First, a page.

There are lots of health reasons to remain in shape, but did you realize weight loss promotes improved hearing?
Research shows children and adults who are overweight are more likely to experience hearing loss and that eating healthy and exercising can help strengthen your hearing. Knowing more about these associations can help you make healthy hearing choices for you and your family.
Obesity And Adult Hearing
A Brigham and Women’s Hospital’s study demonstrated that women with a high body mass index (BMI) were at an increased danger of having hearing loss. The relationship between height and body fat is what BMI measures. The higher the number the higher the body fat. Of the 68,000 women who took part in the study, the amount of hearing loss increased as BMI increased. The participants who were the most overweight were up to 25 % more likely to experience hearing loss!
Another reliable indicator of hearing impairment, in this study, was waist size. Women with larger waist sizes had a higher chance of hearing loss, and the risk increased as waist sizes increased. Lastly, participants who engaged in frequent physical activity had a reduced incidence of hearing loss.
Children’s Hearing And Obesity
A study on obese versus non-obese teenagers, carried out by Columbia University Medical Center, concluded that obese teenagers were twice as likely to experience hearing loss in one ear than teenagers who weren’t obese. These children suffered sensorineural hearing loss, which is caused by damage to sensitive hair cells in the inner ear that convey sound. This damage makes it hard to hear what people are saying in a noisy setting such as a classroom because it decreases the ability to hear lower frequencies.
Children often don’t recognize they have a hearing problem so when they have hearing loss it’s particularly worrisome. If the issue isn’t dealt with, there is a risk the hearing loss could get worse when they become adults.
What is The Connection?
Researchers suspect that the association between obesity and hearing loss and tinnitus is based on the health symptoms linked to obesity. Poor circulation, diabetes, and high blood pressure are some of the health issues caused by obesity and linked to hearing loss.
The inner ear’s workings are very sensitive – consisting of a series of small capillaries, nerve cells, and other fragile parts that need to stay healthy to work properly and in unison. It’s essential to have strong blood flow. This process can be hampered when obesity causes narrowing of the blood vessels and high blood pressure.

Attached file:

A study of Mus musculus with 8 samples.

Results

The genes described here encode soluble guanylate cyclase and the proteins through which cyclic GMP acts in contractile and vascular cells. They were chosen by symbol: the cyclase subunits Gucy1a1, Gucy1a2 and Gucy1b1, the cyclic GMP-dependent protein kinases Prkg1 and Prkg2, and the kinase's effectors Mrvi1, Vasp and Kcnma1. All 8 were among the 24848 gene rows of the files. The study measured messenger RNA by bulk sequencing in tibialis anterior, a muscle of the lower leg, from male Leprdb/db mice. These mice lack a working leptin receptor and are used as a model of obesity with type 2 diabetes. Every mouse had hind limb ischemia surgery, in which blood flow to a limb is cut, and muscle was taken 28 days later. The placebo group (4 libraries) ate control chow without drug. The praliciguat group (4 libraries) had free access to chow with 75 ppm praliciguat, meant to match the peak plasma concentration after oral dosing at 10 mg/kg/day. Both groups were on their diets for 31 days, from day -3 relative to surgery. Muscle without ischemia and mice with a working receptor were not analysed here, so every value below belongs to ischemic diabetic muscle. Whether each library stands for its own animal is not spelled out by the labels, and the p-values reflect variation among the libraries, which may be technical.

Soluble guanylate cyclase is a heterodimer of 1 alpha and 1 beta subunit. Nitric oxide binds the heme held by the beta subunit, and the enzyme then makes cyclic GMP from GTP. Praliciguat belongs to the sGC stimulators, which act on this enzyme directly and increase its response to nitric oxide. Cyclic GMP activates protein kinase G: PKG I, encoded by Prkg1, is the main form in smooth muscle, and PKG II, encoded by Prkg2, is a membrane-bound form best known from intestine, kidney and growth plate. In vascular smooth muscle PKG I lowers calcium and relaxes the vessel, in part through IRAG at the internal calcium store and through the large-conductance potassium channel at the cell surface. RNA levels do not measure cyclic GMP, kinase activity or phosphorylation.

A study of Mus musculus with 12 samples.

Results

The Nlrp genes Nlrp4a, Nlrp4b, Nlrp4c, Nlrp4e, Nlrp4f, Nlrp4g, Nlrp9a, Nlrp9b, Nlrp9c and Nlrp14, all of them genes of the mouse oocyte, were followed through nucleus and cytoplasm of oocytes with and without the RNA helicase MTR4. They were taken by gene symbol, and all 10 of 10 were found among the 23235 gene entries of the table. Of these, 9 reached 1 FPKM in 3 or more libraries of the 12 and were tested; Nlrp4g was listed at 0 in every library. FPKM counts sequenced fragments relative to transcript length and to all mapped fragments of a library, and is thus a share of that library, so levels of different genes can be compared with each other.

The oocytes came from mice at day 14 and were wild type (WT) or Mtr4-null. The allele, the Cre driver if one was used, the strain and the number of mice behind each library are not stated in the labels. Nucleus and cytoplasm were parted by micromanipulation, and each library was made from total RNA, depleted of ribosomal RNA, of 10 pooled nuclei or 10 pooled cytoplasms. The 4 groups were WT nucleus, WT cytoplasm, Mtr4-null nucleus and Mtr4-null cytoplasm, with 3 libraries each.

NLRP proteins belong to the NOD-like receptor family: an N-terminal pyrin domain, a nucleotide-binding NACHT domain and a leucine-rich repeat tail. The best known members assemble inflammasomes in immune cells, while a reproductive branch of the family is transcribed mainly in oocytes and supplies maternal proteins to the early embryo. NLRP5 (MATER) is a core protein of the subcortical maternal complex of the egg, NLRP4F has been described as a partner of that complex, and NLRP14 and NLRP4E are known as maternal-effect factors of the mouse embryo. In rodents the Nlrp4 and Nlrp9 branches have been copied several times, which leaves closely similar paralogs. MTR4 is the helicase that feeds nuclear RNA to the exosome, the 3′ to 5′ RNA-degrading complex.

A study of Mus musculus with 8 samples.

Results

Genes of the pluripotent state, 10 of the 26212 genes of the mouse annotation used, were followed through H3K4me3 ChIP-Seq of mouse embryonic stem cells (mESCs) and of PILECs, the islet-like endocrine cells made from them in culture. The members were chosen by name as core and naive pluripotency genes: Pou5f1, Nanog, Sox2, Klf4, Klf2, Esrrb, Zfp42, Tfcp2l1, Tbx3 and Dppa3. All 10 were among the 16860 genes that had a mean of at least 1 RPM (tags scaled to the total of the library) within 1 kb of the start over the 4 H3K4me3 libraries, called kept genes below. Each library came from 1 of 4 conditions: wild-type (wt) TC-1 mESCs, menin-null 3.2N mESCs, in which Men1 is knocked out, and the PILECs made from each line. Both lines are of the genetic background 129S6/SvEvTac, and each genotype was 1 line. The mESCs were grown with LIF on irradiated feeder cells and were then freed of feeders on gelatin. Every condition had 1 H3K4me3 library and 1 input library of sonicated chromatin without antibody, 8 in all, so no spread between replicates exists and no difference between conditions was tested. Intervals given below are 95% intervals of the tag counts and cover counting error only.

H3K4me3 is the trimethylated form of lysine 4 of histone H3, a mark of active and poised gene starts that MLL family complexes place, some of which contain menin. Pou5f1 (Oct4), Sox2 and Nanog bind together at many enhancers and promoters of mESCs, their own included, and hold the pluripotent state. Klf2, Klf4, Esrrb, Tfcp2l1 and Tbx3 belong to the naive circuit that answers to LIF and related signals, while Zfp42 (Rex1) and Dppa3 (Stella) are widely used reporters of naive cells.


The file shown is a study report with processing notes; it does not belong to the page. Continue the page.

The cochlea is a part of the inner ear which receives sound vibrations and delivers them to the brain for translation. The cochlea can be damaged if it doesn’t get adequate blood flow. If the cochlea is damaged, it’s normally permanent.
What Should You do?
Women in the Brigham and Women’s Hospital study who exercised the most had a 17 percent less chance of developing hearing loss compared to those who exercised least. You don’t have to run a marathon to decrease your risk, however. Walking for a couple of hours per week resulted in a 15 percent decreased risk of hearing loss than walking for less than an hour.
Your entire family will benefit from eating better, as your diet can positively impact your hearing beyond the benefits gained through weight loss. If there is a child in your family who has some extra weight, get together with your family members and develop a routine to help them lose some of that weight. You can teach them exercises that are fun for children and incorporate them into family get-togethers. They might enjoy the exercises so much they will do them on their own!
Consult a hearing professional to find out if any hearing loss you might be experiencing is related to your weight. Weight loss promotes better hearing and help is available. This individual can conduct a hearing test to confirm your suspicions and advise you on the measures needed to correct your hearing loss symptoms. A program of exercise and diet can be recommended by your primary care doctor if necessary.